A virus discovered by the US health authorities might be responsible for the death of a healthy man in Kansas last year. The virus - named "Bourbon" after the county where the victim lived - is part of a group of viruses known as thogotovirus, the Centers for Disease Control and Prevention said in a statement.
It is the first time a virus from the family has caused a human fatality in the United States, and only the eighth known case of a thogotovirus causing symptoms in people, the CDC said. Thogotoviruses have been linked to ticks or mosquitoes in Europe, Asia and Africa and officials said the Bourbon virus may also have been spread the same way.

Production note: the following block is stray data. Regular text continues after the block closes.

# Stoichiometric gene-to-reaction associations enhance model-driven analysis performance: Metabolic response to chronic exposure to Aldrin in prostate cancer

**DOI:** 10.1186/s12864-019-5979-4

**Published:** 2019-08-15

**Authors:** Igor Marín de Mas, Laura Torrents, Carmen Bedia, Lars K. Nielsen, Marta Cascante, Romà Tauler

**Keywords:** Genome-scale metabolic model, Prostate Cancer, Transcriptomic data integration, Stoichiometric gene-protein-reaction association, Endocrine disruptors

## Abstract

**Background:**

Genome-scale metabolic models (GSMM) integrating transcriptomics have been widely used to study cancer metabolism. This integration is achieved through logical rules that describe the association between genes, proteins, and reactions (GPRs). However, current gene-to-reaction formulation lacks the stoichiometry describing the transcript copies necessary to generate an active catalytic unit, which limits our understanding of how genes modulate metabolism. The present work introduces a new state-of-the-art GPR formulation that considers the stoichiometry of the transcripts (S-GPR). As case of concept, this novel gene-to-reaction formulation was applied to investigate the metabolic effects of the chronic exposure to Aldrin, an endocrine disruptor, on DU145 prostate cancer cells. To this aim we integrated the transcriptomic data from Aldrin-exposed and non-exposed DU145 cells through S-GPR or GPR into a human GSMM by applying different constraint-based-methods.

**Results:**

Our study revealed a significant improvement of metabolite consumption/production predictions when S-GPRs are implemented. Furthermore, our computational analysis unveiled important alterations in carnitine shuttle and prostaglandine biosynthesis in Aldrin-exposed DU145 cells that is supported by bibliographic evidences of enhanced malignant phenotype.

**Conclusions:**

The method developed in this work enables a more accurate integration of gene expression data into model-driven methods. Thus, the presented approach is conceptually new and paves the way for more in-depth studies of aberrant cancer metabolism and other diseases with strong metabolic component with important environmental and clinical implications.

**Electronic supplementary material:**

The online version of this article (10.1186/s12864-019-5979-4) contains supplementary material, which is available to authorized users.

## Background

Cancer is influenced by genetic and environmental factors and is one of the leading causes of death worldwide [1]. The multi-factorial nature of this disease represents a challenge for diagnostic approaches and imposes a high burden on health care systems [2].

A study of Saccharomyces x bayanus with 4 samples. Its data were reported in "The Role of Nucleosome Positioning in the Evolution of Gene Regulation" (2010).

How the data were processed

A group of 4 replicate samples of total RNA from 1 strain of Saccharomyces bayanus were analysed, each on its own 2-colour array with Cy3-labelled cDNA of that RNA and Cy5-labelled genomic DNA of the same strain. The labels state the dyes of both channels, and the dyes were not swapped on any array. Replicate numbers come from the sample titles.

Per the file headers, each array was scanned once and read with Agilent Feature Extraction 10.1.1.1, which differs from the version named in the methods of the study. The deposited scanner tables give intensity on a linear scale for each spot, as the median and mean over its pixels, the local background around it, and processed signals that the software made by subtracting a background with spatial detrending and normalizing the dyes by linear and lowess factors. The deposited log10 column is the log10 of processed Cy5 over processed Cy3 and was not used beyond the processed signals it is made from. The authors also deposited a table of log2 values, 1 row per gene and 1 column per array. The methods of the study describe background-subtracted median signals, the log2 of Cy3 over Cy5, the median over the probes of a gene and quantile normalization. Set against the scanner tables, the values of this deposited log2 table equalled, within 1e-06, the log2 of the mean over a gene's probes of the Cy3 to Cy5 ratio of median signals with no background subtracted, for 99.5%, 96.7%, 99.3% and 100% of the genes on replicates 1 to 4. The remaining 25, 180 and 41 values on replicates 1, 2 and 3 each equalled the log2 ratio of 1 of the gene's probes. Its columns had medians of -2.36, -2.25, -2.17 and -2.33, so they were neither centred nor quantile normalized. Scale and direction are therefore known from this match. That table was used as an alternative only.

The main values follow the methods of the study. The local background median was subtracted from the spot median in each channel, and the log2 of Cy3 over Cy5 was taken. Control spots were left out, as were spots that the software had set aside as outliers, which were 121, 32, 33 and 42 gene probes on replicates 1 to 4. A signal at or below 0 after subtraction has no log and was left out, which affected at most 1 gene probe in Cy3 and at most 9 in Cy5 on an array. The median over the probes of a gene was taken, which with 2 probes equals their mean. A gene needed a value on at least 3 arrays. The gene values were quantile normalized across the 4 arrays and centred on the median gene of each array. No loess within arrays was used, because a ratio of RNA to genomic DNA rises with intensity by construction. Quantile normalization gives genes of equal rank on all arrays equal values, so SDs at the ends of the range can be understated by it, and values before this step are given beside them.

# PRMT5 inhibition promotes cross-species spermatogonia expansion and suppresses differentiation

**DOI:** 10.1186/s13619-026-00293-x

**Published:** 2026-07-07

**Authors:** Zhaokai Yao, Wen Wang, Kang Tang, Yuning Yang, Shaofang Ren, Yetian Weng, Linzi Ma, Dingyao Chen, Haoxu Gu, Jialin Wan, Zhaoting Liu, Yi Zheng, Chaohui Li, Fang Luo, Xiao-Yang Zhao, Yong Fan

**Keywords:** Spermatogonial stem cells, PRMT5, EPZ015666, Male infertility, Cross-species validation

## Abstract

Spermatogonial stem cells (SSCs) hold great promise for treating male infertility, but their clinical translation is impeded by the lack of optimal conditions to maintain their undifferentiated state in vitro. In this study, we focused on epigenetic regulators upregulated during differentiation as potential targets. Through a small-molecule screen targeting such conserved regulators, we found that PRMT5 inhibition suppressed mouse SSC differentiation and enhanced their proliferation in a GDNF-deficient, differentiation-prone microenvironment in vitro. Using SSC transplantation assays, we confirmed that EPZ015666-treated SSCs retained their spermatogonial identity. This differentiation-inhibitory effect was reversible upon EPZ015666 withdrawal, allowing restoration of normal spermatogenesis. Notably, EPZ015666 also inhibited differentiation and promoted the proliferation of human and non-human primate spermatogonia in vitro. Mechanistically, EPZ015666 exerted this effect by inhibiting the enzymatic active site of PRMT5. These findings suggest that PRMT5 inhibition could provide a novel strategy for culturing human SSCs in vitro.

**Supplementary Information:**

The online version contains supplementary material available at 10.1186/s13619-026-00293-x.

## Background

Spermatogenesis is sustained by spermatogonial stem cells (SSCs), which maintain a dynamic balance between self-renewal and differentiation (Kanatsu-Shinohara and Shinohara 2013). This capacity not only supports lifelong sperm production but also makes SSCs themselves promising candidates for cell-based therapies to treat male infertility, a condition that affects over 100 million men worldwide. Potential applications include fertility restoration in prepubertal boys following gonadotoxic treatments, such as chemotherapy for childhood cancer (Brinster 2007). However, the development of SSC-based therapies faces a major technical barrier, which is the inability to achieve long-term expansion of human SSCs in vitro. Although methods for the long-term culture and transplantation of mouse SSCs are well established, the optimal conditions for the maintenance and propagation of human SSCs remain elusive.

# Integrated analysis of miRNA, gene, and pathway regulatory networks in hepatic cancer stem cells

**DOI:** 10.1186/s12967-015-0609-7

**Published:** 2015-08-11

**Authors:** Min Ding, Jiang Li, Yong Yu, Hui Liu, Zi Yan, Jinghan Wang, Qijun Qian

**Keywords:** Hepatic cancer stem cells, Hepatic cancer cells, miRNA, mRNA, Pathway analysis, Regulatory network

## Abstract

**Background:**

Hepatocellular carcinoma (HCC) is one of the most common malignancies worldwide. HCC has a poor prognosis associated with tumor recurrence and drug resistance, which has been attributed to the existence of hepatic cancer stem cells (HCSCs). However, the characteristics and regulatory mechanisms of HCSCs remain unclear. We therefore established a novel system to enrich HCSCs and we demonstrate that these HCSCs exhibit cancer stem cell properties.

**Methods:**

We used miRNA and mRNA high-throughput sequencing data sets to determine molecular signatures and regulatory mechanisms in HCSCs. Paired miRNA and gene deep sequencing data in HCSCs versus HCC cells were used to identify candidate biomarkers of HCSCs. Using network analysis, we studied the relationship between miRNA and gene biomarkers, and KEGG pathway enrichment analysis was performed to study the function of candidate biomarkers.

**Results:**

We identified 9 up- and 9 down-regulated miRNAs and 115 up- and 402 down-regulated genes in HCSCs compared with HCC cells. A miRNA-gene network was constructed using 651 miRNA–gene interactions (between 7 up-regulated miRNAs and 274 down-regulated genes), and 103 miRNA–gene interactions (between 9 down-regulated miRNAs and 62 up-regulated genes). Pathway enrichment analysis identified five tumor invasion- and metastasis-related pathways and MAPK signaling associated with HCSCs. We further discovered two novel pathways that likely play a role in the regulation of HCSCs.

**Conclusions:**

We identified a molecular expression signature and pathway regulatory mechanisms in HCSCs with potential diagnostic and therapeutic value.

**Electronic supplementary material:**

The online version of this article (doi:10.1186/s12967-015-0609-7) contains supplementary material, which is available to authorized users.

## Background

The victim in Kansas, described as a man in his 50s, had been bitten by ticks multiple times in the days before falling ill, the CDC said. The infection was the only known case, he said. The discovery of the case came after tests for several other infectious diseases proved negative, prompting further analysis of a blood sample by a CDC laboratory. Researchers using advanced molecular detection technology were able to determine that the man died from a new virus.
Doctors who treated the man found a tick full of blood on his shoulder. He fell ill suffering from a headache and a fever, according to a study published in the CDC's Emerging Infectious Diseases journal. The man was treated with antibiotics but his condition worsened leading to kidney failure and an inability to breathe without assistance. He died 11 days after the onset of symptoms.